Thursday, March 25, 2021

As new positive cases of COVID-19 have dipped significantly in Lincoln Parish over the past two months, the Lincoln Parish School District reported Wednesday that it has seen a similar trend among its teacher and student populations.

Assistant Superintendent Lisa Bastion said the district’s last quarantined employee returned to work on March 12, and no employee at any parish school has needed to miss work due to COVID exposure since then.

That’s easily the longest time the district has gone without any employees in quarantine since the pandemic began, Bastion said. For comparison, on Dec. 15, the school system had 52 teachers and other employees in quarantine or isolation simultaneously, which was a routine number at the time.

“We’re definitely seeing a difference this month,” Bastion said.

That downward trend roughly parallels the overall rate of positive cases reported in the parish as a whole.

According to the daily data provided by the Louisiana Department of Health, Lincoln Parish averaged about 14.3 new positive cases per day in December. By February, that average was down to 4.1.

The February numbers may have been partially affected by the week of severe winter weather that gripped most of the state, during which LDH did not report COVID-19 data.

But the local case rate kept falling since then. As of Wednesday, Lincoln Parish averaged just 1.1 confirmed positive case per day in March.

Students, too, have greatly improved in terms of positive cases and quarantines due to possible exposure.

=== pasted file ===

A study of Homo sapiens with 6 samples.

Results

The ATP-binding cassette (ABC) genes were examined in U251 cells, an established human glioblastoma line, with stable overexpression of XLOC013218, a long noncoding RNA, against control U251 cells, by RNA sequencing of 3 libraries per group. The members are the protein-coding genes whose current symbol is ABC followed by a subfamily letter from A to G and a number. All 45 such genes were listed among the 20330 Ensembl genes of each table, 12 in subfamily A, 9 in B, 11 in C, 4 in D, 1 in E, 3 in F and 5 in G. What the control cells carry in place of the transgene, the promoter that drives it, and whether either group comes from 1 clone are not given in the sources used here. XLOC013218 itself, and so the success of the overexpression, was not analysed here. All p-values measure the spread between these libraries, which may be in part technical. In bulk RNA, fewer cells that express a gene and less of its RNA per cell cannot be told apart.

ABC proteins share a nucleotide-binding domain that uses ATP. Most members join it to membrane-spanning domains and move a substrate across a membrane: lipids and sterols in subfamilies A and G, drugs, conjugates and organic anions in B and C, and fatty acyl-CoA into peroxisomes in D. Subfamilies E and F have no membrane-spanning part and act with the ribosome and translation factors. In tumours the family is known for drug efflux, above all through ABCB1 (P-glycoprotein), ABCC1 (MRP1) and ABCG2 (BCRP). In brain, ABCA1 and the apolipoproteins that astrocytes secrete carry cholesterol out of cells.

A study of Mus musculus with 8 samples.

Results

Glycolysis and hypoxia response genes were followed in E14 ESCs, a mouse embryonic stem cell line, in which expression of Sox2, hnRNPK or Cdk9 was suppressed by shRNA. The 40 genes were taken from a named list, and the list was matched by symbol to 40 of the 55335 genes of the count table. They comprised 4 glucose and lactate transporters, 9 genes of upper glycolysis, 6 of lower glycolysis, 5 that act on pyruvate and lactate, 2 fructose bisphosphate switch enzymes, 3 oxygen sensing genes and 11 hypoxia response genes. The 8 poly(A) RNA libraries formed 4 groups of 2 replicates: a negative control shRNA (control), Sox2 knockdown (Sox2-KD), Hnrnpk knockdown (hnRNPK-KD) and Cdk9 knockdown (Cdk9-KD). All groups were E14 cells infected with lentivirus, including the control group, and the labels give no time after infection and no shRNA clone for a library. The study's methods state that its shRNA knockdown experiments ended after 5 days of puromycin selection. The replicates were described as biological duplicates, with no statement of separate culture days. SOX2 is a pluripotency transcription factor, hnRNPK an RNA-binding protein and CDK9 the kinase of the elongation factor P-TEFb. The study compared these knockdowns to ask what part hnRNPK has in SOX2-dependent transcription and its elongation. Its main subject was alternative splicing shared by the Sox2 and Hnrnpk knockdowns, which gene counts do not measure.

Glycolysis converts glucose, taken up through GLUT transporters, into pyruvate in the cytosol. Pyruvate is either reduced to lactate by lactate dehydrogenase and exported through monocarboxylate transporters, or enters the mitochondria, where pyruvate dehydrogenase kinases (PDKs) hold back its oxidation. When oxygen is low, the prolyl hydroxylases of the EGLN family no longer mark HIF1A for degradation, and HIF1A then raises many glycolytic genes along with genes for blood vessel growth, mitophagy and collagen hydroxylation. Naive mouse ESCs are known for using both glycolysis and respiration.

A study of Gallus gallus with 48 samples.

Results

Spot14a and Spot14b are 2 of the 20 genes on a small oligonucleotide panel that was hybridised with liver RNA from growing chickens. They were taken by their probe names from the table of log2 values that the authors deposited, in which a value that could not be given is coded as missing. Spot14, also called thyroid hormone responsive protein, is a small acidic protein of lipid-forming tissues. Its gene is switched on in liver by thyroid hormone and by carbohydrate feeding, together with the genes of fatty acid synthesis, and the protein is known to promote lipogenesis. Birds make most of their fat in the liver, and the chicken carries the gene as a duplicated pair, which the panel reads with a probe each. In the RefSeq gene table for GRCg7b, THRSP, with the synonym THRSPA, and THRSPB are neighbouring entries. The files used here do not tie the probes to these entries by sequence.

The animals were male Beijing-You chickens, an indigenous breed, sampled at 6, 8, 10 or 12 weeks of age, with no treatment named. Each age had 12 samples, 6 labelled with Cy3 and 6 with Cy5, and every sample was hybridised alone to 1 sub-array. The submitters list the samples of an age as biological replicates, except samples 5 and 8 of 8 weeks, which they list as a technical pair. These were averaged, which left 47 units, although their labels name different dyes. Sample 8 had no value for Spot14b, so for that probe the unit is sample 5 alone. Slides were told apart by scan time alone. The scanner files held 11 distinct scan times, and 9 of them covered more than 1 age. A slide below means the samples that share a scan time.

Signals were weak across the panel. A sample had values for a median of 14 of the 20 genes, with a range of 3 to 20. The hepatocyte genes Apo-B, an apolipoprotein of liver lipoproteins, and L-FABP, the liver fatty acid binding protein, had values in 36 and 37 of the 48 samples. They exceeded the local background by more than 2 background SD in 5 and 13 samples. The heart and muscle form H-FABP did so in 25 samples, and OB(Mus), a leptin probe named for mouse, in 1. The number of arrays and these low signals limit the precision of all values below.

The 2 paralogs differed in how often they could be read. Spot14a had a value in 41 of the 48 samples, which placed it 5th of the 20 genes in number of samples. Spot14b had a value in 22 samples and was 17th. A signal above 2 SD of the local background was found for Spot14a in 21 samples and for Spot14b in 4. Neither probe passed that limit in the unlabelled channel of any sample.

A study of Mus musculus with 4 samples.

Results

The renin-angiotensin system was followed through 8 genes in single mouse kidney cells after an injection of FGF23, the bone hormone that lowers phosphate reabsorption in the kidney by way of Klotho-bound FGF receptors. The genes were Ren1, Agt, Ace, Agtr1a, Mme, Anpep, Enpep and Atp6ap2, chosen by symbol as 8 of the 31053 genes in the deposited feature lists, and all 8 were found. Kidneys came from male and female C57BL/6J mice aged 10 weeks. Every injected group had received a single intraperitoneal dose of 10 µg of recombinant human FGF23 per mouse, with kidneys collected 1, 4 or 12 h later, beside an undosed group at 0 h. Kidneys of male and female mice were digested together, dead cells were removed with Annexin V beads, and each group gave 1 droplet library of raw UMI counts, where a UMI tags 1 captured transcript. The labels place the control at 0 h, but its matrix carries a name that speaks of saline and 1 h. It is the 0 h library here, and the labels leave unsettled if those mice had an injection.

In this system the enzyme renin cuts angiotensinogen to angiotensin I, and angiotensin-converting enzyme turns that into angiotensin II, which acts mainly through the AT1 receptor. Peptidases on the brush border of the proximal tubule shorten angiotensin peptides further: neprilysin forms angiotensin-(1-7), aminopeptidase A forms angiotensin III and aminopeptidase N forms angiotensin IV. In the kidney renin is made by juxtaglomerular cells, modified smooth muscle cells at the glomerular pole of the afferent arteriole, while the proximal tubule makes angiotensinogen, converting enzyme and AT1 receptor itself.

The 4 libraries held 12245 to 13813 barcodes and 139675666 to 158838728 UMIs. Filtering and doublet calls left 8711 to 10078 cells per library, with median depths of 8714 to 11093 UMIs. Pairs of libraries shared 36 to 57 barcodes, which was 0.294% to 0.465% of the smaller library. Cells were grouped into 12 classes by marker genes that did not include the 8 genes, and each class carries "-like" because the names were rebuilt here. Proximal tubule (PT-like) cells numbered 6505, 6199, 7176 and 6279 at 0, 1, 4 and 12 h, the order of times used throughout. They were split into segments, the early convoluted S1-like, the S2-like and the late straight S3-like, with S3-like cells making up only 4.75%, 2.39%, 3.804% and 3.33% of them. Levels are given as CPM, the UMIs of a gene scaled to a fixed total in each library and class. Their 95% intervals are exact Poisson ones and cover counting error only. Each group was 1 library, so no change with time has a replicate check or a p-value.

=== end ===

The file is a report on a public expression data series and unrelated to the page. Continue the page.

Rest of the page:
On Dec. 15, 224 students across the district were at home either with a positive case of COVID-19 or quarantined as a close contact. On March 2, that number was 12, and on Wednesday it was four.

Only one student has tested positive for the virus since March 2, Bastion said.

The local plunge in cases seems to align with the timetable of the COVID-19 vaccine becoming available to the public. Eligibility started in January, but local providers who actually had doses to give were few and far between.

But as the eligibility groups began expanding in February, and the number of providers and quantity of vaccines increased, daily case counts started dropping around the same time.

Less than two weeks after immunization eligibility expanded to include on-site employees at schools, all staff at parish schools who wanted a vaccine had received at least their first dose by the first week of March.

That was about 54% of all district employees. Bastion said since then some more have signed up and received a dose through continued communication between the district and Northern Louisiana Medical Center, bringing the total closer to 60%.

“When (NLMC) finished with those who had signed up, they would come back and tell us they had extras,” she said. “They did that about three different times, and we were able to communicate and let people know.”

By April 1, every school employee who wanted a vaccine will have received the second dose. Bastion said most had no adverse reactions to the vaccine, and those who did recovered from mild effects within 24 hours.

She described the overall effect of COVID-19 among students and employees as “very slow” for the past three weeks — a descriptor that perhaps fits the situation for the first time in the past year.